SHANGHAI (AdAgeChina.com) -- Tencent Holdings is using the 2010 World Expo in Shanghai to remind Chinese that QQ isn't just for gossipy teens.
The Chinese media company has launched a national marketing campaign around the event to establish QQ.com, an instant messaging platform that has evolved into a major online portal site, as a mainstream media brand recognized by both advertisers and audiences.
Tencent wants to demonstrate that QQ.com's online platform offers a greater Shanghai World Expo experience with print and out-of-home ads running in Beijing, Shanghai and Guanzhou showcasing different cities in a reflection of the China Pavilion's shadow, supported by the tag line, "Enjoy Expo from anywhere in the world."
Tencent, a 2010 World Expo sponsor, has attracted enormous traffic through QQ, since the company was founded in Shenzhen in November 1998.
At the end of March 2010, according to the company's public data, Tencent had 568.6 million active instant messaging user accounts, and 428 million active user accounts on Qzone, a social networking site created by Tencent five years ago. It operates additional sites for online games, chatrooms, internet dating and other services.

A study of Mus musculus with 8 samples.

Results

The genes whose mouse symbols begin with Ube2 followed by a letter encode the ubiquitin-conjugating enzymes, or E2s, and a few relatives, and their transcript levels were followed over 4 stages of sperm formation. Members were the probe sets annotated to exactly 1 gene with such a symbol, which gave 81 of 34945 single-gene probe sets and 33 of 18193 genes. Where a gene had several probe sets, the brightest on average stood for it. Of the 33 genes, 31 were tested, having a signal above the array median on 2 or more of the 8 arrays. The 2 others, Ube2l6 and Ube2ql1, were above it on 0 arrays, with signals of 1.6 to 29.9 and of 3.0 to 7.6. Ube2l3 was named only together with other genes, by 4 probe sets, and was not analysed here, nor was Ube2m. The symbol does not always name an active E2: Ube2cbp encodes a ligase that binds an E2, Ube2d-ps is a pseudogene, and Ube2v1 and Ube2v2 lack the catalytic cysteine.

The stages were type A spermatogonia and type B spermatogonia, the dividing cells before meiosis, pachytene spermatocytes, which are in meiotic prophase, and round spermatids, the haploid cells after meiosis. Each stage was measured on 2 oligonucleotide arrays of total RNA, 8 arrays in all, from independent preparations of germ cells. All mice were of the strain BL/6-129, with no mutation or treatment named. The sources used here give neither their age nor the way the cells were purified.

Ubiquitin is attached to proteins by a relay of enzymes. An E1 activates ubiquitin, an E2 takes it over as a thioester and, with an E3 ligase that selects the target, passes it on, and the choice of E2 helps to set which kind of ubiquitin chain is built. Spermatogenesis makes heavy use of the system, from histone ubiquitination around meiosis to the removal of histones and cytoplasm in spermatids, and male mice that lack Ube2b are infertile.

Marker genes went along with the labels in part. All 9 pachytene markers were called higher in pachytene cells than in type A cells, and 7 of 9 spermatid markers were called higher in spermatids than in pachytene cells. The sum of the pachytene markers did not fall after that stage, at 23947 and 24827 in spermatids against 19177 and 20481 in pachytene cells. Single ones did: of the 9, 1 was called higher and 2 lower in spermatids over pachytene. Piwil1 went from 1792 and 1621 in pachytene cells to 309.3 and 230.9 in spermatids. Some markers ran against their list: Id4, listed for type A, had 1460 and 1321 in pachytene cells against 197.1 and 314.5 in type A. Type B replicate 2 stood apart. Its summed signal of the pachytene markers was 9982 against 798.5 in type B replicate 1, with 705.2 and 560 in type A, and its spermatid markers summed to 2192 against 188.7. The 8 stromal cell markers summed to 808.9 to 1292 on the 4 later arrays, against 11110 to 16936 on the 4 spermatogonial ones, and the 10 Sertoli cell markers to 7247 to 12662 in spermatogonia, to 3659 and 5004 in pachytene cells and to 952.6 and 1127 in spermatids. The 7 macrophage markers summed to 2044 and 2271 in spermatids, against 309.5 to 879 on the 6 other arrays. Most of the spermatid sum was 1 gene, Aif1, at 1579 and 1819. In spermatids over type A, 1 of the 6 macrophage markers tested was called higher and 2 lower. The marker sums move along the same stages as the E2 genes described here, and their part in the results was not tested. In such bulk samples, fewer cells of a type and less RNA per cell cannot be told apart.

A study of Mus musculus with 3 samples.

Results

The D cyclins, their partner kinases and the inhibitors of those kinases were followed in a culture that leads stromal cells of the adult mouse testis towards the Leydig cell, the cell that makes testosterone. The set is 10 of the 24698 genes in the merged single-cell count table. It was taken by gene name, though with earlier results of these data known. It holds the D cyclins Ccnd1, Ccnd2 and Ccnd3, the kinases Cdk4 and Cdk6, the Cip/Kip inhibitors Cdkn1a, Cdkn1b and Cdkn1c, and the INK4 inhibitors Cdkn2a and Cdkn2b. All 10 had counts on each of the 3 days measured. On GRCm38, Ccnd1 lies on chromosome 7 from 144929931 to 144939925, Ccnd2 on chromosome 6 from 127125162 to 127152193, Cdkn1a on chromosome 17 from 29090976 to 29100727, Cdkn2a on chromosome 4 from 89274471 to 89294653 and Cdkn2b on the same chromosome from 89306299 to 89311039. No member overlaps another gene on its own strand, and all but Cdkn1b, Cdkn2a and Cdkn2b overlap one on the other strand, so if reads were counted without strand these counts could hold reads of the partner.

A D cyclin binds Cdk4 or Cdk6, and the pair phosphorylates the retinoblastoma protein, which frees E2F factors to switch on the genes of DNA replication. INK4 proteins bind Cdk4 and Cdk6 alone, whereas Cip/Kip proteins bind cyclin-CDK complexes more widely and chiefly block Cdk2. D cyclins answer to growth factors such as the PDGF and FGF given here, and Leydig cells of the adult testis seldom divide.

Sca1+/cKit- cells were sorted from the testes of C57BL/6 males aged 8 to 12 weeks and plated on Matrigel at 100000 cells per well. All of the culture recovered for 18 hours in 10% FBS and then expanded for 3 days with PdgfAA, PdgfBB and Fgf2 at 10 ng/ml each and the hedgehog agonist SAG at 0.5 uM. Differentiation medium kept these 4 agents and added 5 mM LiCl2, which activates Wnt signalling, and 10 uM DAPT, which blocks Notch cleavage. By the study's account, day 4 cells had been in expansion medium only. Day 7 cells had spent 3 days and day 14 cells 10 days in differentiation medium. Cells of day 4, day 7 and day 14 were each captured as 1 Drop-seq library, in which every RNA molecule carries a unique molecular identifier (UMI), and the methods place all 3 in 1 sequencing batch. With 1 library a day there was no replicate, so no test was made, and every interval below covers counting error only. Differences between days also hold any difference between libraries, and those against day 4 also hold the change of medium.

Two months ago, QQ.com hit a milestone when it passed the 100 million mark in terms of simultaneous users. About 20% of QQ users access accounts through mobile phones rather than computers, but they comprise about half of the total messages passing through QQ each day.
But QQ "faces the strong bias as a low-end teenager gossip brand," said Emiko Nagai, acting general manager of TBWA Worldwide, Beijing, which created the campaign.
Tencent knows QQ is the most popular web site in China, said Isabel Liu, VP and general manager of the company's public relations department. Now it wants to be "China's most influential internet portal, no small task."
Tencent has won over advertisers too
In addition to mainstream advertising, Tencent recently appointed Ogilvy Public Relations Worldwide in Beijing to help promote its sponsorship of the World Expo and its integrated one-stop shop for online lifestyles. Ogilvy PR is responsible for developing the communication strategy and managing all Shanghai Expo media communications until the end of 2010.
QQ's impressive growth over the past decade is based on more than the sheer number of Chinese netizens. Under-30 Chinese, particularly those with white-collar jobs and enough disposable income to afford foreign brands, are bored by the content on TV and obsessed with digital media. Smart marketers look online for the best properties to reach those consumers, and they often land on QQ.com.
"Tencent has a powerful and well-respected brand," said Scott Kronick, president, China at Ogilvy Public Relations Worldwide in Beijing.
The result is a long line of online promotions involving microsites, e-coupons, branded games and user-created content that advertisers like Procter & Gamble Co., Ford Motor Co. and Unilever have woven into broad integration campaigns.